Atmos. Chem. Phys., 13, 6647-6662, 2013
https://doi.org/10.5194/acp-13-6647-2013
© Author(s) 2013. This work is distributed under
the Creative Commons Attribution 3.0 License.
Atmos. Chem. Phys., 13, 6647-6662, 2013
https://doi.org/10.5194/acp-13-6647-2013
© Author(s) 2013. This work is distributed under
the Creative Commons Attribution 3.0 License.

Research article 12 Jul 2013

Research article | 12 Jul 2013

Vapor pressures of substituted polycarboxylic acids are much lower than previously reported

A. J. Huisman1,*, U. K. Krieger1, A. Zuend2,**, C. Marcolli1, and T. Peter1 A. J. Huisman et al.
  • 1Institute for Atmospheric and Climate Science, ETH Zurich, 8092 Zurich, Switzerland
  • 2Department of Chemical Engineering, California Institute of Technology, Pasadena, California 91125, USA
  • *now at: Chemistry Department, Union College, Schenectady, New York 12308, USA
  • **now at: Institute for Atmospheric and Climate Science, ETH Zurich, 8092 Zurich, Switzerland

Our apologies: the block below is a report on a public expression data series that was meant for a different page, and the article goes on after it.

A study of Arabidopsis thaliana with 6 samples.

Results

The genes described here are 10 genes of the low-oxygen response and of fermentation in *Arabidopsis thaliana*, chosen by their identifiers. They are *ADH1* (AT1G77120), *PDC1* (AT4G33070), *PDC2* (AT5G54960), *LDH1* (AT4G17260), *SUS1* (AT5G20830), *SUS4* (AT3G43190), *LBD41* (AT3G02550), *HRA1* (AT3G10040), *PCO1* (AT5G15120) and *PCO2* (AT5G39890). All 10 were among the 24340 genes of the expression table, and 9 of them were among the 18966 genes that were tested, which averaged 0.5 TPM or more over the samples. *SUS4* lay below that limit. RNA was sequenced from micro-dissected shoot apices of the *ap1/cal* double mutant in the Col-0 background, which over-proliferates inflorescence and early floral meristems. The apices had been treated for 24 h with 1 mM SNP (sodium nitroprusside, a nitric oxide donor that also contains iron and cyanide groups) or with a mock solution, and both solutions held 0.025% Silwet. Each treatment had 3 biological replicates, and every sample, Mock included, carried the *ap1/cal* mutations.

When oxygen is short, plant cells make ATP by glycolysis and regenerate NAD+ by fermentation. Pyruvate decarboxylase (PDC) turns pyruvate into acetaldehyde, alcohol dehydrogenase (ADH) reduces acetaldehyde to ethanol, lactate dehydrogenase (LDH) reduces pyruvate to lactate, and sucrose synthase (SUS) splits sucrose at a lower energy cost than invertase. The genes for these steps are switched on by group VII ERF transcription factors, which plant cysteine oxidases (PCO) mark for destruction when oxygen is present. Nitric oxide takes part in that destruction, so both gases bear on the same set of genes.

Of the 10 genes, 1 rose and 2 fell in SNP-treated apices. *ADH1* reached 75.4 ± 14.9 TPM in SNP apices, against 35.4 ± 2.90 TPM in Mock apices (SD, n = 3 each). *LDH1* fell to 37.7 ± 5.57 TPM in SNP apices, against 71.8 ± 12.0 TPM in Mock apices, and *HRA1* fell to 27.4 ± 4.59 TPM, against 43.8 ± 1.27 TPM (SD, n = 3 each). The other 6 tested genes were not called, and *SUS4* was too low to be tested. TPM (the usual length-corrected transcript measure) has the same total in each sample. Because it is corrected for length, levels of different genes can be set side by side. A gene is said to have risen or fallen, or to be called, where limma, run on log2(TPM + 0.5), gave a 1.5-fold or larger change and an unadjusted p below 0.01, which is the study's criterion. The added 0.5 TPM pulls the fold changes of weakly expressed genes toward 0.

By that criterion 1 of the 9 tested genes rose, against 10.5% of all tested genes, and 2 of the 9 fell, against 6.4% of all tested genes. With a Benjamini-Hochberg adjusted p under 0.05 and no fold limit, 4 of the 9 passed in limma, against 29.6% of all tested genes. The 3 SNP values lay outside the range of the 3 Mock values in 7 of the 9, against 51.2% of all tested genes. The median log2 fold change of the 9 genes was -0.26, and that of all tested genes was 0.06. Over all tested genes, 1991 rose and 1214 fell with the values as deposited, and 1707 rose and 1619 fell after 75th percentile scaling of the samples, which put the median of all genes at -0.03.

Abstract. The partitioning of compounds between the aerosol and gas phase is a primary focus in the study of the formation and fate of secondary organic aerosol. We present measurements of the vapor pressure of 2-methylmalonic (isosuccinic) acid, 2-hydroxymalonic (tartronic) acid, 2-methylglutaric acid, 3-hydroxy-3-carboxy-glutaric (citric) acid and DL-2,3-dihydroxysuccinic (DL-tartaric) acid, which were obtained from the evaporation rate of supersaturated liquid particles levitated in an electrodynamic balance. Our measurements indicate that the pure component liquid vapor pressures at 298.15 K for tartronic, citric and tartaric acids are much lower than the same quantity that was derived from solid state measurements in the only other room temperature measurement of these materials (made by Booth et al., 2010). This strongly suggests that empirical correction terms in a recent vapor pressure estimation model to account for the inexplicably high vapor pressures of these and similar compounds should be revisited, and that due caution should be used when the estimated vapor pressures of these and similar compounds are used as inputs for other studies.